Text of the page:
BACKGROUND: School-based intervention can contribute to the promotion of cardiorespiratory fitness (CRF) in adolescents. However, it is neces sary to systematize how intervention strategies and the methodological characteristics of studies influence the effects of CRF interventions.
OBJECTIVE: A meta-analysis review of school-based intervention studies aimed at increasing CRF in adolescents (10-19 years of age) was conducted.
METHODS: A search for studies was conducted using the Medline, Web of Science, LILACS, PsycINFO, Embase, Scopus, SPORTDiscus and Cochrane databases and the reference lists of the selected studies. The peer selection process included consideration of school-based randomized or non-randomized controlled trials with a duration =12 weeks published in English, Portuguese or Spanish, and with some CRF measures. The methodological quality of the studies was also assessed. The standardized mean differences (SMDs) and 95 % confidence intervals (95 % CIs) were calculated as an effect measure.
RESULTS: Forty publications of 30 interventions were included in the review, and 25 of these were meta-analysed. The effects of CRF interventions were moderate and significant (SMD = 0.68, 95 % CI 0.45-0.90), with high heterogeneity (I (2) = 97 %). The effect size varied significantly according to the age group, sample size, intervention environment, strategies in experimental groups, CRF priority in the study, CRF test and indicator, session length, weekly frequency, intervention duration and presentation of results by sex.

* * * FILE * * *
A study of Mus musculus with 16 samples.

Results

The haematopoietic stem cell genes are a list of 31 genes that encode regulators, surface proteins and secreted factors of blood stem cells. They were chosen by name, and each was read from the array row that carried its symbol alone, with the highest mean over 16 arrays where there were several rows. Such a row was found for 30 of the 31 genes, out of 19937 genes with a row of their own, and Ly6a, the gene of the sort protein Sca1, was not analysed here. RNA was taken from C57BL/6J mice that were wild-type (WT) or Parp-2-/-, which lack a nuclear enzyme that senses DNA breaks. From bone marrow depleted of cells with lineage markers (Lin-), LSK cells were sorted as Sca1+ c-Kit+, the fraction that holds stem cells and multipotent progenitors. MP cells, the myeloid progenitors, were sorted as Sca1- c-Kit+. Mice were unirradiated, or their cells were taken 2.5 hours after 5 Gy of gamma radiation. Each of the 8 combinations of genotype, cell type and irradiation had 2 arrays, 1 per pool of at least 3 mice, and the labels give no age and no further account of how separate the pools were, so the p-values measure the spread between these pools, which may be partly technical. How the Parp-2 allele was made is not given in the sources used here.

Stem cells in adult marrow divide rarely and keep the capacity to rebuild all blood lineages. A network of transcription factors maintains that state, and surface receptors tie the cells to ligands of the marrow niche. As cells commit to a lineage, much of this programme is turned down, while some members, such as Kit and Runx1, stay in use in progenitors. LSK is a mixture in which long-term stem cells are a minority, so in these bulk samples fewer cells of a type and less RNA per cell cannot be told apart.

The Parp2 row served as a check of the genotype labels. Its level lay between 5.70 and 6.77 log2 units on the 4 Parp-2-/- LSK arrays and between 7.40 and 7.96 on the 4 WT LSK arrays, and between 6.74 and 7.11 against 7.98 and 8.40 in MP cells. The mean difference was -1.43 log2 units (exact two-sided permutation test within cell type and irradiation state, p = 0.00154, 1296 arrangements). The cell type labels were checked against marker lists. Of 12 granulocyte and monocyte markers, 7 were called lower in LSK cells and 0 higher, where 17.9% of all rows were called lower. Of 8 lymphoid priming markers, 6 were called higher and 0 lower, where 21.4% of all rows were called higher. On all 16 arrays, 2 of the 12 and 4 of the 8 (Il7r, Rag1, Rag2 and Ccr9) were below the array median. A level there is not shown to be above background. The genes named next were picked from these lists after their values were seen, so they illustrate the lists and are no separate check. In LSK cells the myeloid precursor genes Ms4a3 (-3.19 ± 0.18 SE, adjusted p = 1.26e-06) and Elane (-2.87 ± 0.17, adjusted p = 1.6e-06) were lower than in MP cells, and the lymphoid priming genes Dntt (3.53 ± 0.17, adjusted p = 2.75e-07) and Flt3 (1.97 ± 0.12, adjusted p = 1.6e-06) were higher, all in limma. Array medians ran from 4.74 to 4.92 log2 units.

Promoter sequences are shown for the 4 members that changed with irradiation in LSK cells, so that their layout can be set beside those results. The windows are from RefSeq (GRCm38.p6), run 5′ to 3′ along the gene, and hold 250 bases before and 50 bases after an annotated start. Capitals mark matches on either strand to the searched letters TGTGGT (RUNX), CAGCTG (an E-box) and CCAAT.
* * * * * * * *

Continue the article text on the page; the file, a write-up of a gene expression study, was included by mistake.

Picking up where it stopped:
CONCLUSION: Interventions in the school environment seem to have a positive effect on CRF among adolescents, but there is high heterogeneity between studies. Some intervention characteristics can explain better effects on CRF (e.g. exercise sessions in addition to physical education classes; primary focus on this outcome; combination of aerobic and resistance exercises; classes lasting =60 min; frequency of three times weekly; and intensity control).